Rupp: Providing Our Kids With a Safe Learning Environment

Next week, on Sunday, Aug. 28, countless bills passed by General Assembly and signed by the governor will officially become Missouri law. One of those measures, SB 54, would have been included in this list. However, a recent injunction (lasts for 180 days) has been set into place to stop this law from going into effect. In addition, the governor announced that he expanded his call for special session and is asking the General Assembly to repeal certain provisions of SB 54. This bill is designed to protect our children from sexual assault in our public schools.

Studies have shown that Missouri is the 11th worst state in the country for educators losing their licenses because of sexual misconduct — this is absolutely intolerable. As parents, we need to feel confident that our children are being taught in safe places by responsible adults, and our children need to feel comfortable in their learning environments.

Senate Bill 54 creates the “Amy Hestir Student Protection Act,” with the aim of preventing the sexual abuse of children. Amy Hestir, whom the legislation is named for, is a Missouri woman who was continually molested and assaulted by her junior high school teacher while she was in school. The teacher was employed by several school districts before winning a “Teacher of the Year” award before retiring. The practice of sexually abusive teachers moving across the state is so common that the Missouri Department of Education has termed the phrase “Passing the Trash.”

Under Missouri’s current employment law, school districts are hesitant to share information regarding former employees for fear of lawsuits. As a result, teachers who engage in sexual abuse or misconduct with students are able to relocate from one district to another, with the new school district uninformed of the employee’s prior record.

Senate Bill 54 states that Missourians who apply for a teaching certificate would be required to complete a criminal background check, and in order to be hired, the applicant cannot have been listed under the state sexual offender registry or the state child abuse registry. School districts in Missouri would also be allowed to discuss information about their employees with other school districts. In addition, school districts would be liable for damages if they dismiss an employee or allow an employee to resign for reasons of sexual misconduct, and then fail to disclose those reasons in an information request from another school district.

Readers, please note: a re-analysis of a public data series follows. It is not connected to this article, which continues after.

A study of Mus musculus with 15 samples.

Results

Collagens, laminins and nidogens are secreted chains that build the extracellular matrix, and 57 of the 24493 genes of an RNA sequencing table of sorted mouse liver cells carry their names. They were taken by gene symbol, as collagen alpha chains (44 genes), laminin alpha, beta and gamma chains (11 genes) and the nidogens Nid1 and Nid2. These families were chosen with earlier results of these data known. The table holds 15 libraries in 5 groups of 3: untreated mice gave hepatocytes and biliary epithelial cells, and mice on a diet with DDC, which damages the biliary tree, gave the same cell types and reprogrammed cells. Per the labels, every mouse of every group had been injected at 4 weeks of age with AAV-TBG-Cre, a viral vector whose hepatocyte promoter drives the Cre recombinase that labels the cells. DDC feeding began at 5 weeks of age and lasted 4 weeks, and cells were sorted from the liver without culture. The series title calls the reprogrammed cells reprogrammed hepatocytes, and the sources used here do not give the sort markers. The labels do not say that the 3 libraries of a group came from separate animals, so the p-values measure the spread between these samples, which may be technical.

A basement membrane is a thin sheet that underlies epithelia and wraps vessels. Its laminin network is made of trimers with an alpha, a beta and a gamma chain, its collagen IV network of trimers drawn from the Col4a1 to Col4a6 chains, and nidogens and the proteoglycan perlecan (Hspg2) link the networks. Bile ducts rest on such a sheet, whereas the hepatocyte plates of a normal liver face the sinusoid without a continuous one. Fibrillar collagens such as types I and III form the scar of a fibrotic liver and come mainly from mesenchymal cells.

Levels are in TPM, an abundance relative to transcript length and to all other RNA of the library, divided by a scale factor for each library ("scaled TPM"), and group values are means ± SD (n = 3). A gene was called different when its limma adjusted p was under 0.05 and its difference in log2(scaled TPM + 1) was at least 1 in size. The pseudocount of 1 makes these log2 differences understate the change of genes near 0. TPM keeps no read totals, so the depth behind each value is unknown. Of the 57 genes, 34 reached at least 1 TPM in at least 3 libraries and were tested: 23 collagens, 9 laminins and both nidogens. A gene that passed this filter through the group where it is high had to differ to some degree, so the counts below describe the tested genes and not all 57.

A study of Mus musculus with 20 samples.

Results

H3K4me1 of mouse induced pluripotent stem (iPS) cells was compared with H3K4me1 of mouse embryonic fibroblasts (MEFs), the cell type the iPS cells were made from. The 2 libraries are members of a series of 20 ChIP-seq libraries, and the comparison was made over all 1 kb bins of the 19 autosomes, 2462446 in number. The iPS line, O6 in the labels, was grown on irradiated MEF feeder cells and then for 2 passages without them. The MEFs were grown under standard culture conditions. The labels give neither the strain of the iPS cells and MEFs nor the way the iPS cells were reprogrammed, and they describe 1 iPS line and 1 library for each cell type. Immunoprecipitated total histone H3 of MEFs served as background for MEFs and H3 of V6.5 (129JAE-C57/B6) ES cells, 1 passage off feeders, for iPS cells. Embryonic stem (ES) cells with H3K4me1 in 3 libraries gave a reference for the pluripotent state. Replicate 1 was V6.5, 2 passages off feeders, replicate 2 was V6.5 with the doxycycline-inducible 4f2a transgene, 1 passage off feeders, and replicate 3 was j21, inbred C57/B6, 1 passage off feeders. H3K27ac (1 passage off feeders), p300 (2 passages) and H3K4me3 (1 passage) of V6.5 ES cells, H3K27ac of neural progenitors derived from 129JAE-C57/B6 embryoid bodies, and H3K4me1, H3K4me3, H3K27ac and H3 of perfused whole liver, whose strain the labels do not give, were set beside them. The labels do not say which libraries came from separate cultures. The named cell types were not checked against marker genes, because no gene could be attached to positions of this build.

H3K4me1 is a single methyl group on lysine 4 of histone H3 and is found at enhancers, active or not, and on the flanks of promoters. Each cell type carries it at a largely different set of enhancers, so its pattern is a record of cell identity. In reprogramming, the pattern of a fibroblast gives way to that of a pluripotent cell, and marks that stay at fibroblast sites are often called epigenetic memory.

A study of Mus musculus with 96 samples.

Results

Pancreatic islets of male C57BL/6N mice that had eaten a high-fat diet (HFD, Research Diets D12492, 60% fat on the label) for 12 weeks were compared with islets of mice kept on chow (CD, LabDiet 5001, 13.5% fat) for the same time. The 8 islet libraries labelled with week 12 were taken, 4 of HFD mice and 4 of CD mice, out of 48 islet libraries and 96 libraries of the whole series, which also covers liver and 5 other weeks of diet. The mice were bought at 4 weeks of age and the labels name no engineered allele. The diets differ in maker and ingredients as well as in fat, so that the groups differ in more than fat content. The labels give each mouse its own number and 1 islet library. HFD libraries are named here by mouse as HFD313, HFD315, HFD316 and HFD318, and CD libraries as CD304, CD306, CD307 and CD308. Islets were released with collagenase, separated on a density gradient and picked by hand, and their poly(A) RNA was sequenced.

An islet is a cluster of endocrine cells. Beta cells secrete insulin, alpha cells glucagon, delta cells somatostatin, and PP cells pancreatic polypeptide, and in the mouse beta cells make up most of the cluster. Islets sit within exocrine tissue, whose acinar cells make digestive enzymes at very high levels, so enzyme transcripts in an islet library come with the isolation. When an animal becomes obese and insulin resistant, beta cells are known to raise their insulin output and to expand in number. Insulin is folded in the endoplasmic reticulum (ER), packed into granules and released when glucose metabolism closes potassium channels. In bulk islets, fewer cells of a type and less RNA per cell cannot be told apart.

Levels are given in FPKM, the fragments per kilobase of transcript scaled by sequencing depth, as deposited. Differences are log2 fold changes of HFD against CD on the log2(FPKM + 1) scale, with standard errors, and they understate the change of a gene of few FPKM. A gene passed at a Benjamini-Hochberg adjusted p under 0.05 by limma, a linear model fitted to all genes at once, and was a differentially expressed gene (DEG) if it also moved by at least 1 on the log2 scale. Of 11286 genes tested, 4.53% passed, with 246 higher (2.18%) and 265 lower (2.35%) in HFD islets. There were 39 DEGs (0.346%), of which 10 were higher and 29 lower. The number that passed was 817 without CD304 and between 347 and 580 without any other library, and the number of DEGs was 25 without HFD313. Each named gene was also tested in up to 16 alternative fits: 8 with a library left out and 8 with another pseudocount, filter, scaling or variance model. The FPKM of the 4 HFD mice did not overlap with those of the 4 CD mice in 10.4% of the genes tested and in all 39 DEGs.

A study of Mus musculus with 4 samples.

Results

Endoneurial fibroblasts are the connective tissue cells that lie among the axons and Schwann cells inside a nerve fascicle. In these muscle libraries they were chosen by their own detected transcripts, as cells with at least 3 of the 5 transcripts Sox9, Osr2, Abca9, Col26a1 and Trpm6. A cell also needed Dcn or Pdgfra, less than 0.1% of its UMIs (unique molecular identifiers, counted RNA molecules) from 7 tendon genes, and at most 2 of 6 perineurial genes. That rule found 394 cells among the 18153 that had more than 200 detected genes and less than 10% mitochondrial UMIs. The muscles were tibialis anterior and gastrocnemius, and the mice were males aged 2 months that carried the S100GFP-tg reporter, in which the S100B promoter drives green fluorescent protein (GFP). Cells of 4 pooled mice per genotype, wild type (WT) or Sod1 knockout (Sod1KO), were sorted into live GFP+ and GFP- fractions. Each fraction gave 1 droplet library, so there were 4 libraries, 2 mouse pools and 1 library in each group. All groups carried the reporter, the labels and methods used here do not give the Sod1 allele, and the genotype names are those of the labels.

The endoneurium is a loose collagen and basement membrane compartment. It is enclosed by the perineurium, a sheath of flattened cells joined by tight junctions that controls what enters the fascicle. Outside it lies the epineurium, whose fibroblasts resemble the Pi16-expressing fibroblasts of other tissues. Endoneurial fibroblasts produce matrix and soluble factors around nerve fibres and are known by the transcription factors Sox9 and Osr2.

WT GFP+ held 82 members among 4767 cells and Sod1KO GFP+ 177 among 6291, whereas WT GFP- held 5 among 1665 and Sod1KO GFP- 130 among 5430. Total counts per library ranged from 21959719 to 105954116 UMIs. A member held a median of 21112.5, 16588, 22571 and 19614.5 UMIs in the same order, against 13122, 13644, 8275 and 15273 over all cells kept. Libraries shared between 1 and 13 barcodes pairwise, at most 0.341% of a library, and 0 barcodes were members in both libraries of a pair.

The bill also states that by Jan. 1, 2012, every school district in Missouri must develop a written policy addressing teacher-student communication and employee-student communication. The policies shaped by school districts are required to include appropriate use of electronic media as described in the act, including social networking sites. Teachers aren’t allowed to establish, maintain, or use a work-related website unless it is available to school administrators and the child's legal custodian, physical custodian, or legal guardian.

This portion of the act, which will be addressed during special session, was intended to allow districts to set their own communication policies, and take a team approach to create a system that works best for students, parents, and school employees. Two school districts in our area, Francis Howell and Fort Zumwalt, already have policies in place. According to a report published by Suburban Journals, the Francis Howell Board of Education approved a revision to the district’s social media policy in January, which will take effect Sept. 1. The revision states that employees are “prohibited from using their personal accounts to communicate with students unless the employee and student are related.” Superintendent of the Fort Zumwalt School District, Bernard DuBray, said in the report, “Basically our policy says that our teachers cannot have private conversations on a social network site. You can have students on Facebook and other sites, but you don't have a private conversation on them.”

We must take the steps necessary to prevent our children from encountering inappropriate situations — we have to be aware that in our fast-paced world of communication, these issues will continue to arise, and we have to work together for the betterment of our children. If you have questions about your child and his or her well-being, don’t hesitate to speak with your child’s teachers or school district officials. As always, please feel free to contact me if I can answer any questions for you.